From a North American standpoint, touring Soviet hockey teams no longer create much of a stir. There are no fans throwing bags of red paint on the ice to protest human-rights violations, such as occurred on Long Island in 1976. And there is no championship flavor to the games themselves, as when the Philadelphia Flyers defeated Central Red Army the same year for world bragging rights.
Plain and simple, the ongoing visit by three Soviet teams is a menu of 21 exhibitions, regardless of the "NHL Super Series" label attached by the cosponsoring NHL and NHL Players Association. Where the game is part of the season-ticket package, attendance has been respectable. Where it is not, the whole assemblage could fit in a few center-ice sections.
Some NHL teams have iced regular lineups. Others have summoned farmhands for a quick look. The only clubs that have looked forward to the games have been those struggling to escape slumps. The exhibitions have offered opportunities to experiment without paying a two-point price.
If the hosts are blase, however, the Soviets are delighted to continue the rivalry. The coaches pull out all stops to try to win and the players go all out in an effort to attract the attention of NHL scouts. Then they visit department stores and buy as much as they can haul away.
"The Soviets are very excited about being here," said Darcy Rota, the NHL representative who is accompanying the visitors. "It's great exposure for them, and the coaches take the games very seriously. Certainly, they show more interest and intensity in the games than the club teams here."
When Rota rides with the Soviets, he always occupies the front seat on the bus so he can advise the driver. Accordingly, he puts his luggage in the lower bins at the last moment, so it will be readily accessible on arrival. When the first visitor, Khimik, set out on the last stage of its tour, Rota followed that procedure on the bus headed for Boston's Logan Airport.
"Every bit of space was completely full, down below and on the bus," Rota said. "They'd been shopping like crazy the last few days and they bought everything they could carry. I wound up putting my luggage on top of the bus."
Unlike past trips, when players were closely guarded and restricted from contact, they now are able to roam the malls and discuss possible NHL careers with agents and club officials.
There is enough interest within the Soviet Union for Soviet television to transmit four of Central Red Army's games to the home fans -- those in Calgary, Edmonton, Winnipeg and Vancouver. CBC is showing the seven games to be played in Canada, but SportsChannel decided not to bother with the U.S. schedule.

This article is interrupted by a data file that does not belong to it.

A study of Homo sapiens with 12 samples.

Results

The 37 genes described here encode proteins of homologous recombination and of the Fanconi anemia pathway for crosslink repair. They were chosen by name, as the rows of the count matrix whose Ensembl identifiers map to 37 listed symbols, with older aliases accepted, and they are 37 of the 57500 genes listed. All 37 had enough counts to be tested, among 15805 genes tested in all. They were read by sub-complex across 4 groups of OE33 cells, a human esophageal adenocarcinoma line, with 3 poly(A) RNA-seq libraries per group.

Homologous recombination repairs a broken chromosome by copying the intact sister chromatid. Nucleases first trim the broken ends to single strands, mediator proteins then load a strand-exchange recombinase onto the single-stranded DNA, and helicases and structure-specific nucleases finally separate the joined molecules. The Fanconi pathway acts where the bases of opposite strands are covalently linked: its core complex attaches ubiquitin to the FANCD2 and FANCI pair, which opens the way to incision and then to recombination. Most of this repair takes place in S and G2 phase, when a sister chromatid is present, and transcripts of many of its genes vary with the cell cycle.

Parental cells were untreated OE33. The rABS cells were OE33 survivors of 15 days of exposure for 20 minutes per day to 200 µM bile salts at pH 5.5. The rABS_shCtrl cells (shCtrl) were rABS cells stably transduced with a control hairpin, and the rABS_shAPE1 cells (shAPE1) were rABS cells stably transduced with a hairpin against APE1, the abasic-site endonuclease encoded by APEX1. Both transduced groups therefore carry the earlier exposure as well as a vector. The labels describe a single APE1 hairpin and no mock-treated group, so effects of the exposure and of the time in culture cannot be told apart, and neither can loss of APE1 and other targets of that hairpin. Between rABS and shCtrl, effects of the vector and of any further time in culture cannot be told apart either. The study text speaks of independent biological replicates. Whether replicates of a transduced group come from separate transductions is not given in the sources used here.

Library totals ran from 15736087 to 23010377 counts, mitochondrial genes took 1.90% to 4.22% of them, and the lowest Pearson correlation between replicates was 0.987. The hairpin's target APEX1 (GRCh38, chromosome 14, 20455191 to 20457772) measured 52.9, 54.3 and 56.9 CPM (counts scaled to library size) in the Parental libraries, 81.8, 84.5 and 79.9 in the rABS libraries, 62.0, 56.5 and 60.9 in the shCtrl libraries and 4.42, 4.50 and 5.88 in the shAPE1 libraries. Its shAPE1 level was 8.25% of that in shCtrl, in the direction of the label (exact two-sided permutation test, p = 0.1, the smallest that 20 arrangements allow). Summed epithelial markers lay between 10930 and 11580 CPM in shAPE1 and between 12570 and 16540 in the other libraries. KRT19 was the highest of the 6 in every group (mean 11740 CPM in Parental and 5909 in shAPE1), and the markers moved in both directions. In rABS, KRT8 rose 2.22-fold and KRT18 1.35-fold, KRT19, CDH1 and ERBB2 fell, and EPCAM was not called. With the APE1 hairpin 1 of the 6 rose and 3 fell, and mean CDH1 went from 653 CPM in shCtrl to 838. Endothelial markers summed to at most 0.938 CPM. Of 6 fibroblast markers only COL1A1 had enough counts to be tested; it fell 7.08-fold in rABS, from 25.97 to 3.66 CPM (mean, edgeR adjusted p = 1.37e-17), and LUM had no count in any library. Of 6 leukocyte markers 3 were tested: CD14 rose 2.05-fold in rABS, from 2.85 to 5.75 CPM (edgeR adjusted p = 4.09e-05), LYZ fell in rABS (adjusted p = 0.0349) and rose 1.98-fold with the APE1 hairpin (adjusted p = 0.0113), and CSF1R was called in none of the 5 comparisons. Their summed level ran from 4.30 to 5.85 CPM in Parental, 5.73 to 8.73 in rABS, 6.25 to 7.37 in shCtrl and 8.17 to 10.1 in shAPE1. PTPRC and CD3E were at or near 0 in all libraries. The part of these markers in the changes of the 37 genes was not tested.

Of course, a major reason for the lack of curiosity about the visitors is that so many Soviets already are in the NHL. Here in Washington, fans can watch Mikhail Tatarinov and Dimitri Khristich skate with the Capitals. They hardly are inspired by the thought they might see a future Capital in Andrei Kovalov, a draftee who will play for Soviet champion Moscow Dynamo at Capital Centre Jan. 8.
Possibly, the players can add some spice to the actual event. The Capitals have been teaching Tatarinov and Khristich some nasty English words. Perhaps the two Soviets could pass on a few Russian expletives to their new teammates, as a surprise for the men of Dynamo.
The NHL added some genuine interest with a shootout during the second intermission. Fans have responded to it very well, especially in St. Louis, where the event was tied after five shooters and Rod Brind'Amour won it for the Blues in sudden death. In Detroit, Sergei Fedorov scored the shootout goal that enabled the Red Wings to beat his old Red Army teammates.
The Army won the game itself, 5-2, on Wednesday (Dec. 26) in its first of seven here, as the compulsory season-ticket attachment resulted in a paid attendance of 19,342. Dynamo will open its seven-game segment Tuesday (Jan. 1) in Toronto. Khimik divided its seven matches, 3-3-1.
Khimik won all three games against Adams Division teams, in varying fashion. A crowd of 16,245 watched the Soviets defeat Montreal, 6-3. At the other extreme, only 2,820 saw a 5-2 victory over a Boston team that had six Maine farmhands in the lineup. On a middle level, Khimik beat Buffalo in overtime, 5-4, before 13,771.
Khimik lost to Los Angeles, 5-1, before 10,762; 4-2 to St. Louis before 11,398, and 6-4 to Minnesota before 4,250. The tie was a 2-2 affair against the New York Islanders, with only 2,752 in the seats.
Ten teams chose to include the games in the season-ticket package -- Washington, Buffalo, Detroit, Minnesota, Montreal, New Jersey, Pittsburgh, Quebec, St. Louis and Winnipeg.
The latter group is becoming larger each year and it now seems likely the Soviets will be told to stay home for the foreseeable future.
Plans are afoot for each NHL team to play an Olympic squad next year, although there appears to be some disagreement on whether the games should be in the preseason or fitted like the Soviet visits among regularly scheduled contests. If it goes through, U.S. teams would play the U.S. Olympians, Canadian clubs the Canadian Olympians.